How to Write a “Political Correctness Run Amok” Article. How to Write a “Political Correctness Run Amok” Article I know why you’re here.
Something has happened that has pushed you over the edge. You know, with regards to “political correctness.” Or “call-out culture,” or the “Internet outrage machine,” or whatever you want to call it. It’s been a lot of little things up until now — you know, comments that you’ve seen on social media, or protests that you’ve heard about, all condemning people for supposedly “bad” things they may have said or done. And now you are the one who is outraged! And here is how you will do it: 1) Make it clear from the very beginning that you are an open-minded, social justice supporter, preferably on the left side of the political spectrum. 2) Repeatedly remind readers (through both blatant and subtle appeals) that Free Speech = Good; Censorship = Bad. The Toxoplasma Of Rage. “Nobody makes an IRC channel for no reason.
Who are we doing this versus?” — topic of #slatestarcodex Some old news I only just heard about: PETA is offering to pay the water bills for needy Detroit families if (and only if) those families agree to stop eating meat. (this story makes more sense if you know Detroit is in a crisis where the bankrupt city government is trying to increase revenues by cracking down on poor people who can’t pay for the water they use.) Predictably, the move has caused a backlash. Of course, this is par for the course for PETA, who have previously engaged in campaigns like throwing red paint on fashion models who wear fur, juxtaposing pictures of animals with Holocaust victims, juxtaposing pictures of animals with African-American slaves, and ads featuring naked people that cross the line into pornography.
People call these things “blunders”, but consider the alternative. PETA creates publicity, but at a cost.
Is Social Media to Blame for the Increase of Graphic Images in Media? Editor’s Note: Be warned that there is a graphic image used in the story to illustrate the way people spread shocking images on Twitter.
Debates about ethics, standards, taste, impacts and appropriateness of mainstream media’s visual representation of the attacks on Gaza and MH17 now take place in the public domain, and they involve creators of User Generated Content (UGC), along with journalists and their ”audiences.” The Sydney Morning Herald’s Tim Elliott has reported on the creeping effect of graphic images posted on social media platforms, citing examples in Time Magazine, the Weekend Australian and The New York Times. In response to the flood of graphic images of injured and dead Gazans on social media accounts, and evidence of crossover into mainstream media publications, a Telegraph columnist asked: “Can everyone please stop posting pictures of dead Palestinian children all over the Internet?” Why You Should Leave Facebook And How To Actually Do It, According To Artist Nick Briz. Nick Briz is a Chicago-based new media artist, educator, and organizer.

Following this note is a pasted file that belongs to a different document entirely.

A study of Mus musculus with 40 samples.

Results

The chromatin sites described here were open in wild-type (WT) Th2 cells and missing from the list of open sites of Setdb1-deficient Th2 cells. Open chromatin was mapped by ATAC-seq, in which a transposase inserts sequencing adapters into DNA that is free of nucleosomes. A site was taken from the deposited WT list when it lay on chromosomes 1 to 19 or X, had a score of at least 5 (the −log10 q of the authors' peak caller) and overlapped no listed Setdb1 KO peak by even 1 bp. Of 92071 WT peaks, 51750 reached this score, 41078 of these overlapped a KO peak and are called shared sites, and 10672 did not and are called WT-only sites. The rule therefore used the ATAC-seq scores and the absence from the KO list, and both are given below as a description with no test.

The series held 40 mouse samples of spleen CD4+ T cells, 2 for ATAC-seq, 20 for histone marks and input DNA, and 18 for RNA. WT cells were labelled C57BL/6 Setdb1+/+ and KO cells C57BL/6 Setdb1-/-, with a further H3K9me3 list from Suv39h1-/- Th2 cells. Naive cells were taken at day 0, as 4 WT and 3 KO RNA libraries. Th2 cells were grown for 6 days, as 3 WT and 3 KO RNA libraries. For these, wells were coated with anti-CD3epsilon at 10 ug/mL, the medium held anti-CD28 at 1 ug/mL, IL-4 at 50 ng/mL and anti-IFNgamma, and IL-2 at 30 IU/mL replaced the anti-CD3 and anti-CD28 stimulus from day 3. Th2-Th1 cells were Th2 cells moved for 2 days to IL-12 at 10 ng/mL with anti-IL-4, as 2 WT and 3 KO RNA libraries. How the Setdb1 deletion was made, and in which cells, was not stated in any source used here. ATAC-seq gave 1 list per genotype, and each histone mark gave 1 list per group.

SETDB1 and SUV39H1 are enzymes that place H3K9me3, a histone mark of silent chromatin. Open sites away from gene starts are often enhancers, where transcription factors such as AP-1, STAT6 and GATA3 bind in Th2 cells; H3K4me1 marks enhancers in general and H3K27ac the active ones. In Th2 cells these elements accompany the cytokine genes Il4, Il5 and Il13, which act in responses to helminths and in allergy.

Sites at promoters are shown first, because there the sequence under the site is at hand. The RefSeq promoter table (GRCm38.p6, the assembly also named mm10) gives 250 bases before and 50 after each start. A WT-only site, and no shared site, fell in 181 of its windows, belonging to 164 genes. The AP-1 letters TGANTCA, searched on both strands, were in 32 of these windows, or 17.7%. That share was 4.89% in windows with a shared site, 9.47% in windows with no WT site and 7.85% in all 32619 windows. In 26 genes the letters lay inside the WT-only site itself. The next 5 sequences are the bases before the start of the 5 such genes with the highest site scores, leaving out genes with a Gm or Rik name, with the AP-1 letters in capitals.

Briz teaches at the Marwen Foundation and the School of the Art Institute of Chicago, has shown his work internationally, and is the co-founder of the GLI.TC/H conference. While all of that is undeniably impressive, I must say I knew Briz was a genius when I first saw “Apple Computers,” a powerful affront against Apple and a manifesto for the prosumer of our age. So, when Briz made “How to/Why Leave Facebook,” a piece about leaving Facebook, I knew I should pay attention.
I recently left Facebook as well, but I was uninterested in any self-congratulatory artwork or dramatic fuck-you to the social platform. Negations: Capitalism and Schizophrenia. BuzzFeed’s Jonah Peretti Goes Long — Matter. Back to Top Felix: You’re about to become a publishing person and join the Huffington Post.
Tell me the one about how Kenny finds you living out of a cardboard box under a bridge somewhere and says, “I want you to co-found a company with me.” What’s the story there? Jonah: Kenny was doing some political projects, political work. He called together a group of luminaries who knew all about the Internet to help him with his political projects. So [journalist] Jeff Jarvis is there talking about blogging and someone else is talking about MeetUp. FS: Arianna’s there? JP: Arianna’s not there. We ended up working together on Tom’s petition. It was interesting for me because I had done things with no connections in the world at all. What he said to me was, “I know business, you know the Internet, let’s build something together.
FS: And you said yes without really knowing what it was going to be. JP: I said yes with the idea that we’d figure out what it is in the future. FS: Okay, so small. "There was a time, I am told, when exes lived in... - Annelise's Notebooks. I wonder how technology will change love songs.... - Annelise's Notebooks. IDEA: Export social network data, make thing. Using real sext message threads as short film scripts.